Monday, May 30, 2011

Freedom Isn't Free

In Flanders Fields
John McCrae, 1915.
In Flanders fields the poppies blow
Between the crosses, row on row
That mark our place; and in the sky
The larks, still bravely singing, fly
Scarce heard amid the guns below.
We are the Dead. Short days ago
We lived, felt dawn, saw sunset glow,
Loved and were loved, and now we lie
In Flanders fields.

Take up our quarrel with the foe:
To you from failing hands we throw
The torch; be yours to hold it high.
If ye break faith with us who die
We shall not sleep, though poppies grow
In Flanders fields.

Saturday, May 21, 2011

The Rough Life of Our Horses

For Those of You Who Have/Want Kids

Kipp over at Rockbottom has a way with words:

rockbottom: Mystery meat

News on the Front

Despite appearances from the previous post, it wasn't a bad week...just a long one that seemed like it might never end. But Friday finally came, and since I woke up this morning, the much anticipated Rapture appears to have been postponed.

As DN3 had qualified in four events to participate in the High School Equestrian State Meet, last weekend was spent at the Grant County Fairgrounds in Moses Lake, WA. It was a good weekend overall, and she and her riding partner placed 5th in Ranch Sorting.

On the down side in the horse world, there has been an outbreak of the neurological form of EHV-1 (Equine Herpes Virus), which can be deadly to horses. This article from the local news sums it up in layman's terms. There have been conflicting reports as to whether an exposed horse was present in Moses Lake. In addition to the WAHSET meet, there was a Reining Horse event at the fairgrounds. I would conservatively estimate that 500-600 horses were present last weekend. Thus far the two horses we took aren't showing any signs, and while we doubt they were exposed, we are playing it safe.

So is most of the horse industry. Shows, organized trail rides, and just about every planned gathering of horses for the next three weeks have been cancelled. Boarding facilities are in lockdown, with no horses permitted to come or go. While this may seem a bit knee jerk, when dealing with a virus that has no prevention or cure, it is the safest course of action to take. While I would much rather be on a trail ride today, it's more important to know that my horses are safe.

Deb sent me this link to a good video* about EHV-1 that may be of interest to horse owners.

*Posting this video does not constitute an endorsement of Parelli.

Monday, May 2, 2011

Solo Trail Ride

Sunday's weather was clear and bright, with the high reaching in the upper 60's. With the Ladies BR off to shop for wedding dresses and attend showers and such, yours truly declared it to be a fine day for a trail ride, and to try something I've been wanting to do for some time. I was going to ride alone. I know I've ridden Smokey along the river levee alone, but riding within a mile or two of home doesn't really count in my book. I'm talking pack the horse and tack in the trailer, drive somewhere, and ride.

Mrs. BR suggested that I should take our Paint gelding, Dozer. I though, "why not", and loaded the young man up.

Dozer is DN2's horse. She bought him him when he was four. He's nine now, and has spent the last two years leased out to a girl who has used him for 4H, but she is done riding, so he's headed back to our care. He has spent the better part of the time being ridden in the arena only, and has become a bit punchy. Dozer is a tad skittish, goofy about his off side, and has run off once or twice while his rider was dismounting. At the 4H show on Saturday he did his level best to unseat three different riders. What could possibly go wrong on a leisurely trail ride?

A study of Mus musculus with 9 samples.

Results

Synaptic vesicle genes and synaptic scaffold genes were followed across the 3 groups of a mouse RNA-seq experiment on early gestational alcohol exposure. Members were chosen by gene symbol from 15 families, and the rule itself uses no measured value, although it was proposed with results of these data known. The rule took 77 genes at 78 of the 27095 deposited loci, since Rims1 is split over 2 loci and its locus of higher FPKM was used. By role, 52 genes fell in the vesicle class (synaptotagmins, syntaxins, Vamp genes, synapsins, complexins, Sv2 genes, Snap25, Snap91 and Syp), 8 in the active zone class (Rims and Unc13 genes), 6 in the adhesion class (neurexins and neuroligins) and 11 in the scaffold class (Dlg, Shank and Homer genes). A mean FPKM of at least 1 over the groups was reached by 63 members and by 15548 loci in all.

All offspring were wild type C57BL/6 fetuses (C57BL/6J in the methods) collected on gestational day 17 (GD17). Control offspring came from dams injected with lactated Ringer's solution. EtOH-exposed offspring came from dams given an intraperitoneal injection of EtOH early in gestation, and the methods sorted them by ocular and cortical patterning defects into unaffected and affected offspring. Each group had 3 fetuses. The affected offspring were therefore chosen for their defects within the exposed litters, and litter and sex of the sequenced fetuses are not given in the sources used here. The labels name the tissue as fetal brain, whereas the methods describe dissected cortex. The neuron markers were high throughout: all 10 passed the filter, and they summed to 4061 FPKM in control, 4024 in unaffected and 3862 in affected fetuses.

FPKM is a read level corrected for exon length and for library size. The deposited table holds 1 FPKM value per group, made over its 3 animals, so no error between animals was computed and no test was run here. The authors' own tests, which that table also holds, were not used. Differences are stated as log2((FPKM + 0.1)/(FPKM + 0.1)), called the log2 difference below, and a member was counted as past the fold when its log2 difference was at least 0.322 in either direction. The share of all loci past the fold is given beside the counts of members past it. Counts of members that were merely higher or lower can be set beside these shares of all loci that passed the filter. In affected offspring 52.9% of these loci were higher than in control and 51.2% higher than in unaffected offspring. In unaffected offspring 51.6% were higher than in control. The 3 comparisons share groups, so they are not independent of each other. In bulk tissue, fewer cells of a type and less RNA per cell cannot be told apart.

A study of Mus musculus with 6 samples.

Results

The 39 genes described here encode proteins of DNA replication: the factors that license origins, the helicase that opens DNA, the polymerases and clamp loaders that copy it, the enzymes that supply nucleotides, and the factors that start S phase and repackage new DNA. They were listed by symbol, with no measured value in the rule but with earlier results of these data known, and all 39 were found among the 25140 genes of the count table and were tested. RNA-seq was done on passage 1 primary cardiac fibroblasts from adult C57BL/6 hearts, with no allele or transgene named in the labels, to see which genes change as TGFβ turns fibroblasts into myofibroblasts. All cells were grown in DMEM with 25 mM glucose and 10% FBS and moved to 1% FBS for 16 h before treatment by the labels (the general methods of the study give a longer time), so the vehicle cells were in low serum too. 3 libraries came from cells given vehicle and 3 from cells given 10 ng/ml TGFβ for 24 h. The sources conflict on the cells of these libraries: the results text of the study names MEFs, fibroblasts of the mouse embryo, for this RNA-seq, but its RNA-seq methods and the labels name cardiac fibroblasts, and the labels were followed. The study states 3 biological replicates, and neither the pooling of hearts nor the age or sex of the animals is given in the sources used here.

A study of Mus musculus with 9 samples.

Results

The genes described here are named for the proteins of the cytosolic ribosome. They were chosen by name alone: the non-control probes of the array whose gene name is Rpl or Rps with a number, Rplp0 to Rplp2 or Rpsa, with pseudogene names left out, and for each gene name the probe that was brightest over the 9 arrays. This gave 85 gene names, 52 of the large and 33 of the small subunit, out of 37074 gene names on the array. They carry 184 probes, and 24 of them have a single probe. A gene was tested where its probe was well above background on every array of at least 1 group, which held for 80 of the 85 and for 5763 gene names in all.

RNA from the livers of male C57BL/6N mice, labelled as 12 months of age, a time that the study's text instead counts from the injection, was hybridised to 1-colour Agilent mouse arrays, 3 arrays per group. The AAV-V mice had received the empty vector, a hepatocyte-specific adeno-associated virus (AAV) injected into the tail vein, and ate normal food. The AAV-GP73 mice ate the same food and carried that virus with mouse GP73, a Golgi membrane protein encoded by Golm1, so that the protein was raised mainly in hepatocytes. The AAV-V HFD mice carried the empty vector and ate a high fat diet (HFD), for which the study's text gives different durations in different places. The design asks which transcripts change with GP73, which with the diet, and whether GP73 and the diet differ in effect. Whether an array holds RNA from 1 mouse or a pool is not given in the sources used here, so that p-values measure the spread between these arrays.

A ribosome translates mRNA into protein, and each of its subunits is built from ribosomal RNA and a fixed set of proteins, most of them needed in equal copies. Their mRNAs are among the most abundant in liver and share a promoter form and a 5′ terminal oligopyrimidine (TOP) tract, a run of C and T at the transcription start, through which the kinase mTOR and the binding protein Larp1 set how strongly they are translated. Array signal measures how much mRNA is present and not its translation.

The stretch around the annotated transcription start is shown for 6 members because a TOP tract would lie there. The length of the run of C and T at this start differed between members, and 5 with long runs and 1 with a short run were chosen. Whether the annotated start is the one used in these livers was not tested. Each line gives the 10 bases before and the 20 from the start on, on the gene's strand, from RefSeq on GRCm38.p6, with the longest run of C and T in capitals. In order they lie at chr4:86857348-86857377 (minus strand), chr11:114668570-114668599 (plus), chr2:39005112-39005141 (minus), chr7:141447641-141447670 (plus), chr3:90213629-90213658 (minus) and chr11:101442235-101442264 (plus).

Dozer needs a confident rider. Horses are very sensitive to their riders mood, particularly if nervousness, trepidation, or fear enter the equation. You are the leader when riding, and if you're scared, most horses will sense that there is something to be afraid of, and will make heroic effort to "get the heck out of here". As the horse becomes more skittish, the nervous rider gets scared, which in turns scares the horse more, which causes the riding to become seriously frightened...wash, rinse, repeat. Possible recipe for a bad ending.

We went to Mill Pond, a series of equestrian trails on Weyerhaeuser land off Hwy 410. After saddling up, I looked him in they eye and in no uncertain terms informed him that it was a nice day, and we were going to have a good ride. That, or he would go to France in a box. And off we went...for three uneventful hours.

He was uncertain, but he paid attention. He stopped on occasion, requiring some added encouragement (read: spurs) to get going again. If we encountered other groups of riders, he became certain that we needed to follow them, and would get a little loose in the steering until I applied proper motivation (read: spurs) to get him pointed in the desired direction of travel. Beyond that, nary a problem. A very enjoyable ride, and, I think, good for his mind.

It was interesting to contrast the differences between Smokey and Dozer on the trail. At 22, Smokey is very trail wise, and follows the path with little to no rider direction. I'm reasonably certain I could take a nap in the saddle and still find myself on the same trail upon waking. Dozer, on the other hand, would occasionally lose sight of the trail and head off into the trees. Dozer has a quicker walking pace, which I rather enjoyed. Smokey can be a bit of a slow poke, which can be infuriating at times.

I know that one ride is only a data point, but Dozer just may have a future in the mountains.